An inquiry into Kenya's biggest financial scandal has been suspended after allegations linking senior investigators with corruption.
The judicial system in Kenya is under close scrutiny at present
Announcing a one-week suspension of the Goldenberg commission, an inquiry official described the reasons for the postponement as "serious and grave".
Kenya lost up to $600m through questionable exports of gold and diamonds between 1990 and 1993.
Investigations into Goldenberg International began a year ago.
Kenya's Daily Nation newspaper says bribes were being offered by people anxious to influence the outcome of the inquiry.
This is the second time the commission has been suspended over corruption allegations.
Last year, Vice Chairman Judge Daniel Aganyanya was suspended following an investigation into malpractice in the judiciary.
More than 20 judges were suspended last year after widespread corruption allegations which many deny.
The main player in the scandal - which also involved complex bank transactions - was Goldenberg International company owned by millionaire businessman Kamlesh Pattni.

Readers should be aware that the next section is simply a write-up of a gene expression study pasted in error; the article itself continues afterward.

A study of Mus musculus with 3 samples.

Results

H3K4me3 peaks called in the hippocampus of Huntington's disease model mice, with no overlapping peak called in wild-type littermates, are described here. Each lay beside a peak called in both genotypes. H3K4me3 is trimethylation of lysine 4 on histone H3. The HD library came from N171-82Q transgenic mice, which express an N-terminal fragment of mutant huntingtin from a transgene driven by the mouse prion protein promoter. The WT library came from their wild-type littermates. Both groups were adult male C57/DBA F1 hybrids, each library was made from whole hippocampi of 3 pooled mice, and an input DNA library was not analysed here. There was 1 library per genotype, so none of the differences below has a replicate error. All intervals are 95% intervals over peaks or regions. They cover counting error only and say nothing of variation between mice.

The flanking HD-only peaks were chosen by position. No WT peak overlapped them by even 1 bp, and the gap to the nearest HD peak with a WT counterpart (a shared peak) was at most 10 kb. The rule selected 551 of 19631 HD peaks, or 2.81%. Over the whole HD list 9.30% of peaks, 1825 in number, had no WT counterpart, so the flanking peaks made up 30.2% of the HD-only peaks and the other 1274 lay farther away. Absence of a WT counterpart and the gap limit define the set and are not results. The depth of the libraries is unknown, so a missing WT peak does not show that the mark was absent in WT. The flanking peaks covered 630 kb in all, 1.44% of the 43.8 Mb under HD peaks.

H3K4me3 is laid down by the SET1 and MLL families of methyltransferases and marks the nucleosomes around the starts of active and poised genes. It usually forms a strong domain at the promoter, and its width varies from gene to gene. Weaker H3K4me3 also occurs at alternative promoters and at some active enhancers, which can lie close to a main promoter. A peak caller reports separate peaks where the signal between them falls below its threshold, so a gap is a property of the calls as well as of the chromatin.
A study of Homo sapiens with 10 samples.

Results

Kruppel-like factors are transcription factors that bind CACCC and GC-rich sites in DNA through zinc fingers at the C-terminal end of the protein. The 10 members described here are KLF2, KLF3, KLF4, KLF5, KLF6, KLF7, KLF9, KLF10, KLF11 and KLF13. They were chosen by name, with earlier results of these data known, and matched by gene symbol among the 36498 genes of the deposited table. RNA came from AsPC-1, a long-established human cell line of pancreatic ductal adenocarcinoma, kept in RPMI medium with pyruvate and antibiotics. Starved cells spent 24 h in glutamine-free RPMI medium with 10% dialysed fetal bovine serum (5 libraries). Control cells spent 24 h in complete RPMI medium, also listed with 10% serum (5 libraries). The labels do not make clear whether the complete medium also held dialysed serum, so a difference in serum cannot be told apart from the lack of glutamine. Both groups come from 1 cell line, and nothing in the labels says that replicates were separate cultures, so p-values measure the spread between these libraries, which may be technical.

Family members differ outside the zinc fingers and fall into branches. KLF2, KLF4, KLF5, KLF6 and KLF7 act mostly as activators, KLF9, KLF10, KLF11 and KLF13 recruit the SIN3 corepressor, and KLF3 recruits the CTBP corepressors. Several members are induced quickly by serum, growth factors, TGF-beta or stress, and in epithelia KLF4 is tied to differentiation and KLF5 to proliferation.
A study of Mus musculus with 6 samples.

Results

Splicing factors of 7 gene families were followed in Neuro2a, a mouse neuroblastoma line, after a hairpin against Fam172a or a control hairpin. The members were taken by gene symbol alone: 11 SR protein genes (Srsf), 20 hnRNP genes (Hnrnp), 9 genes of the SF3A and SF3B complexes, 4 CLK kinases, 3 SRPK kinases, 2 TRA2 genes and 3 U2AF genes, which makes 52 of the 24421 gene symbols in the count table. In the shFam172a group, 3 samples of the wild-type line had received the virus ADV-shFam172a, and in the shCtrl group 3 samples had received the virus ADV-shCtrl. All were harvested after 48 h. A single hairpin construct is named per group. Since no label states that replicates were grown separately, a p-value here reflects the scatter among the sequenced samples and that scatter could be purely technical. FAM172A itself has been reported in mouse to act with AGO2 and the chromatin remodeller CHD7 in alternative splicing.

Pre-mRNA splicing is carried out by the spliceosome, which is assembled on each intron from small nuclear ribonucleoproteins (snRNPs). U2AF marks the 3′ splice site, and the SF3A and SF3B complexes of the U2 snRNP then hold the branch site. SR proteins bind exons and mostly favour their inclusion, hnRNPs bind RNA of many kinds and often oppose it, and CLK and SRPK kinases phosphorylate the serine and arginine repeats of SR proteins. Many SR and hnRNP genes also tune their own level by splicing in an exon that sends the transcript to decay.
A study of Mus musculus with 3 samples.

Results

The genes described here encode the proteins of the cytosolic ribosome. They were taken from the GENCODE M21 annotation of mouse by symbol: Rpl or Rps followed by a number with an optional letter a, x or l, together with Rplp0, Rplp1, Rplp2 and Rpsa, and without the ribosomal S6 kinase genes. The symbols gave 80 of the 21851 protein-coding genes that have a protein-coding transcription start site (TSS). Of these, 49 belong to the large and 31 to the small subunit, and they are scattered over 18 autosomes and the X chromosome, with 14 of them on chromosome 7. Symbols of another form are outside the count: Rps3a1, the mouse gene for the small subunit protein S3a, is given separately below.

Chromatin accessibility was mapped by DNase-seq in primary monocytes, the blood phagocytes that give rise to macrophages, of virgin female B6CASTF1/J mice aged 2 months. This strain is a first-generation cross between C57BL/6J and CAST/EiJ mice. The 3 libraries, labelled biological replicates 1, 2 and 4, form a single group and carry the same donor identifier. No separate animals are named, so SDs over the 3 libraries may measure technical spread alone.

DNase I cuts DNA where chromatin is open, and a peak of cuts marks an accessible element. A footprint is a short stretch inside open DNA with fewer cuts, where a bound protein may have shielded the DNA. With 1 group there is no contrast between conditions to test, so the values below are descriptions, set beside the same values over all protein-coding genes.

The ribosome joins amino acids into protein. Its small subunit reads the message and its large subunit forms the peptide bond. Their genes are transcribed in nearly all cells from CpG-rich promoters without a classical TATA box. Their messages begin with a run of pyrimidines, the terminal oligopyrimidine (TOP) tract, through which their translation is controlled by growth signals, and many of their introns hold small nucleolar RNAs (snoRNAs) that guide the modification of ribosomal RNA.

The Goldenberg scandal cost Kenya the equivalent of more than 10% of the country's annual GDP.
Kenya lost $600m
IMF cut aid worth $500m
Commission appointed on 24 February 2003
The compensation scheme was designed to promote the exports of gold and diamonds, although Kenya has negligible amounts of either.
Powerful politicians in the former government of President Daniel arap Moi - as well as leading figures in the current administration - have been accused of complicity in the Goldenberg scandal.
The International Monetary Fund (IMF) and the World Bank suspended $500m in aid to Kenya in 1997 on the basis that the government was not doing enough to end corruption in the country, citing the Goldenberg scandal as an example.
Earlier this month a witness alleged that former president Daniel arap Moi ordered the transfer of $76m from the state treasury to the company.